Copyright © 2010 Society of Hospital Medicine

Introduction

Lower respiratory tract infections cause substantial morbidity and mortality in the pediatric population. Worldwide, an estimated 4 million children die from pneumonia each year, with higher mortality rates seen in developing countries. In the United States, pneumonia accounts for up to 1 in 5 pediatric hospitalizations. Pneumonia is commonly caused by a viral infection, especially in children less than 2 years of age. Despite high rates of viral disease in young children, bacterial co‐infection is common. Non‐viral etiologies for pneumonia differ based upon age and underlying risk factors resulting in the need to tailor antimicrobials appropriately. Surgical intervention may be required when pneumonia is complicated by pleural effusion or abscess. Pediatric hospitalists are the attending of record, coordinate subspecialty care when necessary, and are often in the best position to lead quality improvement initiatives to optimize pneumonia care.

Knowledge

Pediatric hospitalists should be able to:

  • Describe the key features of the history and physical examination that support or refute the diagnosis of pneumonia.

  • Discuss the variations in clinical presentation that may accompany chronic health conditions of childhood, such as cystic fibrosis, chronic lung disease, congenital heart disease, immunodeficiency, and others.

  • Review alternate diagnoses which may mimic the presentation of pneumonia including anatomic defects, systemic diseases, heart failure, and others.

  • Provide indications for hospital admission and determine the appropriate level of care.

  • List common bacterial, atypical bacterial, and viral organisms causing pneumonia and state how these differ based on age.

  • Name other causes of infectious and non‐infectious pneumonias such as lipoid, inhalation pneumonitis, aspiration, and others.

  • Discuss the influence of national immunization practices and antimicrobial use on predominant organisms and resistance patterns.

  • Describe local resistance patterns for predominant infectious organisms.

  • Discuss the benefits and limitations of radiography and laboratory evaluation in the diagnosis of pneumonia.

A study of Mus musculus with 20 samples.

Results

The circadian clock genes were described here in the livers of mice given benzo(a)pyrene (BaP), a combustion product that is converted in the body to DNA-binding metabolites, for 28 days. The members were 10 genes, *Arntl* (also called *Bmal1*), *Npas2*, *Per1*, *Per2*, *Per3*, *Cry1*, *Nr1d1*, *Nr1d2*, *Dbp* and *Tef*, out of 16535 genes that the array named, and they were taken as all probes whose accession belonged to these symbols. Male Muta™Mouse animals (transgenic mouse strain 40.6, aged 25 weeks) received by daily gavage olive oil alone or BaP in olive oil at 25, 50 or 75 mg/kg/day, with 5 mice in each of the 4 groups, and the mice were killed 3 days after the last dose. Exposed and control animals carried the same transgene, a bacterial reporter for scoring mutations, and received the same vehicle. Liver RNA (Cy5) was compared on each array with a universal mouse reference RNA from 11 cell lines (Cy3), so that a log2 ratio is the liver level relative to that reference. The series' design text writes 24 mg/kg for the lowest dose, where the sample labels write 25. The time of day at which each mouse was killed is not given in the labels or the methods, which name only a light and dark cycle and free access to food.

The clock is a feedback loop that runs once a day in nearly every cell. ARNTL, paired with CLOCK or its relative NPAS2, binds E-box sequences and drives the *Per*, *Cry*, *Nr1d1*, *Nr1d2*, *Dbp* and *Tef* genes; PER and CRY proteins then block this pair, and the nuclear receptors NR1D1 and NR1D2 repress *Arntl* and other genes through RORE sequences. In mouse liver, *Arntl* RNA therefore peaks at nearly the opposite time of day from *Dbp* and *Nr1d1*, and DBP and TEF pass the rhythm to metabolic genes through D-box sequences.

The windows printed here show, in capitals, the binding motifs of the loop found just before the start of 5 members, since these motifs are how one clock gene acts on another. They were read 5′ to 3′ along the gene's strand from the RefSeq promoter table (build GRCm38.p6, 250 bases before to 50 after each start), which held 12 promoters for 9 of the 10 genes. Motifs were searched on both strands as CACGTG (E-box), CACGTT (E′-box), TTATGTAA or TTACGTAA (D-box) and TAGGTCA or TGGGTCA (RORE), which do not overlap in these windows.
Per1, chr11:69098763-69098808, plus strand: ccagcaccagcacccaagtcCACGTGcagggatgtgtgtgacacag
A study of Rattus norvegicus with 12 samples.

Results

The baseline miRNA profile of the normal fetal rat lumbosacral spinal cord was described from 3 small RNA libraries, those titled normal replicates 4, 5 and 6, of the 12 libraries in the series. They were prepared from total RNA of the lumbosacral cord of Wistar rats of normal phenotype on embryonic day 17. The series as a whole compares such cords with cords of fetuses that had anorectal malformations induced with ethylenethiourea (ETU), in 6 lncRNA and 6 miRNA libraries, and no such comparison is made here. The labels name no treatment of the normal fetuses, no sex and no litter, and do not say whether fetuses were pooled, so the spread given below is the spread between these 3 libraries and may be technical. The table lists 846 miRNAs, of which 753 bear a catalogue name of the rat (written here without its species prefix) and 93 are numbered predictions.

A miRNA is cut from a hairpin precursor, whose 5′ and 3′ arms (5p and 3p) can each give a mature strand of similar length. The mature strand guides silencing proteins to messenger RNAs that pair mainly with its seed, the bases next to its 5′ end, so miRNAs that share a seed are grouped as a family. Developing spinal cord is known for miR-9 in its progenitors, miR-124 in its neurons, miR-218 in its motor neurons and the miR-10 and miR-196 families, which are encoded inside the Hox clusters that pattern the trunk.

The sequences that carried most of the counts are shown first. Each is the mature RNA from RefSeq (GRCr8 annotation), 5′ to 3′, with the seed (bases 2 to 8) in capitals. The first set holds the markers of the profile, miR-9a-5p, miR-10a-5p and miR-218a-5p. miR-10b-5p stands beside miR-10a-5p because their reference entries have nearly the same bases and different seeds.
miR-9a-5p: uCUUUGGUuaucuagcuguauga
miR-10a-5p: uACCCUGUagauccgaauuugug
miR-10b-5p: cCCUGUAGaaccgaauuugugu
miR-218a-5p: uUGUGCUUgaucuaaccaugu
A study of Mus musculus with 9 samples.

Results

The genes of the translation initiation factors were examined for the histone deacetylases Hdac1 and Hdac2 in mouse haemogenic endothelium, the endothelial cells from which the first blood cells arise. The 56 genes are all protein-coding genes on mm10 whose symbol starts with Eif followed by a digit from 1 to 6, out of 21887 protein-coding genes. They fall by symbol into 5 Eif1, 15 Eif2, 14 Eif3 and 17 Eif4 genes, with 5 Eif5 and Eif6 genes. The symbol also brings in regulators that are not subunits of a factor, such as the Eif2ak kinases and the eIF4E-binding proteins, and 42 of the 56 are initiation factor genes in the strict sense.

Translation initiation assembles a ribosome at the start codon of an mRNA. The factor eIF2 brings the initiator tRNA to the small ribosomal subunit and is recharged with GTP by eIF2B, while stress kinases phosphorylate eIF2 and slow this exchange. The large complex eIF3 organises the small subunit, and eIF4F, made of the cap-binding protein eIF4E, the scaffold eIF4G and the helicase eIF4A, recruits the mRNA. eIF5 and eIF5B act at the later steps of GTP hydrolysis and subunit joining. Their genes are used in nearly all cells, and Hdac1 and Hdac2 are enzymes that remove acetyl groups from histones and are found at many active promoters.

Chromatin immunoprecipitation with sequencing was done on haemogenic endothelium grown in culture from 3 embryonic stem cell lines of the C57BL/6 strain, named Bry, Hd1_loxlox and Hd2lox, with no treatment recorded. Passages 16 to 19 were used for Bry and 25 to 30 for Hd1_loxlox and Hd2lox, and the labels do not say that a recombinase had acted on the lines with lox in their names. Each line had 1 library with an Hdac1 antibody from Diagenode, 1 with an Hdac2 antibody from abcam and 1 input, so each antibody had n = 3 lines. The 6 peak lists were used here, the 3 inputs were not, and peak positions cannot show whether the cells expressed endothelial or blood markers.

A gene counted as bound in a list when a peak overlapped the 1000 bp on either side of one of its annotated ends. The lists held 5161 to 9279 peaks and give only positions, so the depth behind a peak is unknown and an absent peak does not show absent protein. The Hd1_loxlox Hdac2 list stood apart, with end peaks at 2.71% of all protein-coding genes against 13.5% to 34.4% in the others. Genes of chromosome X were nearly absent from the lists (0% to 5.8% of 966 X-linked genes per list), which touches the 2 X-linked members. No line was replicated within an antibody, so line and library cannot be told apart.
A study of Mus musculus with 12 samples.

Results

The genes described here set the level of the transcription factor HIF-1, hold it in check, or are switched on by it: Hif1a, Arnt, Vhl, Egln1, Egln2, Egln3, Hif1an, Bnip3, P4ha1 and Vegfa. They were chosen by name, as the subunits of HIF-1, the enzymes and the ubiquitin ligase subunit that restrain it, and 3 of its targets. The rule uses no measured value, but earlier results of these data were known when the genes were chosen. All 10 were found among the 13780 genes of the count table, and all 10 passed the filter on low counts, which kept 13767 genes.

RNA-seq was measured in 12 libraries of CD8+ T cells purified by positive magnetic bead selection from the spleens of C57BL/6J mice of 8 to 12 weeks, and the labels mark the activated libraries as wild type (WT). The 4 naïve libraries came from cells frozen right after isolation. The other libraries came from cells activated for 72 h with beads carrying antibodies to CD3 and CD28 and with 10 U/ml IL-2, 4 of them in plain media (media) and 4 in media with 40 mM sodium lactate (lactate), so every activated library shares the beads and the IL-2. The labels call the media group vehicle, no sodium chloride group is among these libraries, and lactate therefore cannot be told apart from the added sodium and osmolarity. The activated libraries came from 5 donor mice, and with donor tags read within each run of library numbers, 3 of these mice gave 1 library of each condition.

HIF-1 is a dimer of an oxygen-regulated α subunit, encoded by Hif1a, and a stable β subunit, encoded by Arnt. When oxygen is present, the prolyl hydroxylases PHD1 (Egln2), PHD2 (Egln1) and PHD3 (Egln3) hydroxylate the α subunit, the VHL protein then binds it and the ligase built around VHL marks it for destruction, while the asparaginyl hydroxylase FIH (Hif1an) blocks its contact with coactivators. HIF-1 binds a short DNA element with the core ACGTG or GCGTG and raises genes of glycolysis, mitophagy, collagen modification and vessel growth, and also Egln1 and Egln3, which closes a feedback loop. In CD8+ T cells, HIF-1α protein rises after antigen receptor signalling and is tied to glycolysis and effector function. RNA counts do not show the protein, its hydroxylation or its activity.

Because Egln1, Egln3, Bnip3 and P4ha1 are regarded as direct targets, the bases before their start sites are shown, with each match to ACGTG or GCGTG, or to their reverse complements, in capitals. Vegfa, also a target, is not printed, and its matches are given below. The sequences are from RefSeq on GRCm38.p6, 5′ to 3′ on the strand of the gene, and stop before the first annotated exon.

• Describe common complications seen with pneumonia and list co‐morbidities or infectious etiologies associated with higher risk for each.

  • Describe the indications and options for surgical intervention in patients with complicated pneumonia.

  • Summarize goals for hospital discharge attending to symptoms, oxygenation saturation, hydration, and family/caregiver needs, and outpatient management plans.

Skills

Pediatric hospitalists should be able to:

  • Correctly diagnose pneumonia by efficiently performing an accurate history and physical examination, determining if key features of the disease are present.

  • Order appropriate laboratory and radiographic tests to guide treatment and ensure proper isolation.

  • Direct an evidence‐based treatment plan, including cardio‐respiratory monitoring, oxygen supplementation, and appropriately selected antibiotic therapy as indicated.

  • Accurately interpret chest radiographs and distinguishing between consolidation, effusion, mass, and other presentations.

  • Perform careful reassessments daily and as needed, note changes in clinical status, and respond with appropriate actions.

  • Correctly determine when consultation with a surgeon or other subspecialist or a transfer to a higher level of care is indicated.

  • Identify patients requiring extended evaluation for underlying anatomic or systemic disease.

  • Coordinate discharge efficiently and effectively with patients, family/caregiver, subspecialists, and the primary care provider including home care needs and follow‐up as appropriate.

  • Create a comprehensive discharge plan including home care as appropriate.

Attitudes

Pediatric hospitalists should be able to:

  • Role model and advocate for strict adherence to infection control practices and educate the family/caregiver regarding measures such as handwashing to reduce the spread of infection.

  • Communicate effectively with patients, the family/caregiver and healthcare providers regarding findings and care plans.

  • Collaborate with subspecialists to render safe and efficient treatment.

  • Realize the importance of antimicrobial stewardship and consistently modify prescribing practice to reflect best practices attending to local resistance patterns.

Systems Organization and Improvement

In order to improve efficiency and quality within their organizations, pediatric hospitalists should:

  • Work with hospital, community, and infectious disease experts to develop and sustain local communications regarding resistance pattern changes.

  • Lead, coordinate or participate in the development and implementation of cost‐effective, safe, evidence‐based care pathways to standardize the evaluation and management of hospitalized children with pneumonia.